Continuing to count down the best tracks of the year, one track at a time

We're currently counting down the best tracks of the year. One rule: only one track is featured per artist. Today, we display numbers 30-21.

30: Toto – _Orphan _

Huge, heartfelt ballad (and lead single) from the melodic rock giants. Arena singalongs and swaying lighters beckon.

29: Marilyn MansonDeep Six

Brian Warner’s scarifying alter ego scored one of his biggest hits to date with this single from his ninth album The Pale Emperor, an intoxicating cocktail of gothic sleaze-punk guitars and croaky-voiced decadence.

28: Howlin’ RainBig Red Moon

The first single from Mansion Songs stepped away from the classic rock stronghold of The Russian Wilds, into something weirder and more rootsy. A big change, but it worked beautifully.

27: NorthcoteSmall Town Dreams

Matt Goud does blue-collar, Springsteen-ish rock better than many imitators that have followed the Boss. Not that he’s a mindless copycat, mind you; this swaying ballad is exquisitely fresh and personal.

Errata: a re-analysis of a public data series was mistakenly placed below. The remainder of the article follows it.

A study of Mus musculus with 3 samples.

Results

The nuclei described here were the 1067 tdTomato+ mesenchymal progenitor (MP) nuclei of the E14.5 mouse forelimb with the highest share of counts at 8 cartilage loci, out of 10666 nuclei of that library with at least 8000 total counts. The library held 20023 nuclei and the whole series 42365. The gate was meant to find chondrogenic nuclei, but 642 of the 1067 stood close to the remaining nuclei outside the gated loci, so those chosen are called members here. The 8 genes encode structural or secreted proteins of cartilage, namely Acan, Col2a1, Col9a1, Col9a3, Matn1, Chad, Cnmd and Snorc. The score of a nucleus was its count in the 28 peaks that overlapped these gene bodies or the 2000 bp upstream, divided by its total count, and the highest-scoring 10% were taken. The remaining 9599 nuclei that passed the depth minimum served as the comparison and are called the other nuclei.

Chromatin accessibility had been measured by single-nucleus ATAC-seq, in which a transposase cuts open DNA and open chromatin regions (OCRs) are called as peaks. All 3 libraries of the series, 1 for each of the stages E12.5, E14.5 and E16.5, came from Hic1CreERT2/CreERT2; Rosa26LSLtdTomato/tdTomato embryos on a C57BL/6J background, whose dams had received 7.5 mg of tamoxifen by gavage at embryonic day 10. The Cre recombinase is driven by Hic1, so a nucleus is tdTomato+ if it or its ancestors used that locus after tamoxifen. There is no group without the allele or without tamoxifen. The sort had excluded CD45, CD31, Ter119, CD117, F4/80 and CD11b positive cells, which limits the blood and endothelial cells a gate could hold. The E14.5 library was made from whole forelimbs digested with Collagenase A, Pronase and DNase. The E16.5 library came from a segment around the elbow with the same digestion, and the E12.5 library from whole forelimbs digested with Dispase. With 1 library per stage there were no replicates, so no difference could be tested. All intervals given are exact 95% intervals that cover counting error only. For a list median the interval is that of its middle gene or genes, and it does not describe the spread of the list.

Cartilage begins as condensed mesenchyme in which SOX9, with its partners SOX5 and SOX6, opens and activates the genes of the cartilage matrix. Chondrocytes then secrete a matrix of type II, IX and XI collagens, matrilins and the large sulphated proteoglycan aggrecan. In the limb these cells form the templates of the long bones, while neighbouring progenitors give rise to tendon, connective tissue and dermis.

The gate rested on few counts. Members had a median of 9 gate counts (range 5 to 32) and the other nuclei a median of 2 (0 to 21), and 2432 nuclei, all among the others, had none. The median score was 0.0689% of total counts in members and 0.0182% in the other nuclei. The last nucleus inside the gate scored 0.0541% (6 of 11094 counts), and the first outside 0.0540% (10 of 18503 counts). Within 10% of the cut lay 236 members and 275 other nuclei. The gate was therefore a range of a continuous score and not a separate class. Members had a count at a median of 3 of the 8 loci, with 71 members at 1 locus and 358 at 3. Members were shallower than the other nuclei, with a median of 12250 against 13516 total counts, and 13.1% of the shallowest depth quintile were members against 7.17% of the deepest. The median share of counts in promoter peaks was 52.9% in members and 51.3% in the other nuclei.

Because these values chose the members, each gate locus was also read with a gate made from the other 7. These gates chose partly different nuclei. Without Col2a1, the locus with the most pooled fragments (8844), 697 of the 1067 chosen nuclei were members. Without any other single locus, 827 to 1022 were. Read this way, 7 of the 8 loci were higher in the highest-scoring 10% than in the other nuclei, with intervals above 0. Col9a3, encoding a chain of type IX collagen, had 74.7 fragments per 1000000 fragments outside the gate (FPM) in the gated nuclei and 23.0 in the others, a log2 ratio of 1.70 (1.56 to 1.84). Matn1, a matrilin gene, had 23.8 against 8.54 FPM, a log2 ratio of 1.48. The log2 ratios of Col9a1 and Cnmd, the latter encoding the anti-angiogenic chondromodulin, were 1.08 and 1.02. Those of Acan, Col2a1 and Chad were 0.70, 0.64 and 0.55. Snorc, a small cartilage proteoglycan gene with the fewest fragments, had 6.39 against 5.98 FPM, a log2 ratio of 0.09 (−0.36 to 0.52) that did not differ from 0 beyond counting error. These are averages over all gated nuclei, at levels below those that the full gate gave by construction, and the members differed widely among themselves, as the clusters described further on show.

26: The SonicsSugaree

Anyone who caught their shows this year would agree they rock scandalously hard for men in their eighth decade. Sugaree has the energy and attitude of a band half their age.

25: Blitzen TrapperAll Across This Land

Even more than a decade into their career, this Portland-based band are still something of a 'secret', but few would turn their nose up at this tasty slice of 70s-influenced boogie rock (with added ‘woo woo’s).

24: Alabama ShakesDon’t Wanna Fight

The lead single from their second album, Sound & Color, revealed a funkier side to Alabama Shakes – as well as the full glory of Brittany Howard’s wheezing, whooping soulful voice.

23: Michael Monroe – _Old Kings Road _

There's enough Hanoi Rocks influence here to please old school fans. The song itself, though, brims over the punk snarl and trashy bonhomie. All performed with arrogant passion. Great fun.

22: Dan PatlanskyBackbite

The South African hot-tip described this album highlight as “a modern take on a clichéd blues song”, and with its Kravitzian riff-raff and funk aftertaste, Backbite was a beacon amidst the twelve-bars.

21: MotorheadThunder & Lightning

Lemmy & Co. show a bluesy streak in a song that nods at their early days, while never getting caught up in nostalgia. A glorious final blast from a band who'll be hugely missed. RIP.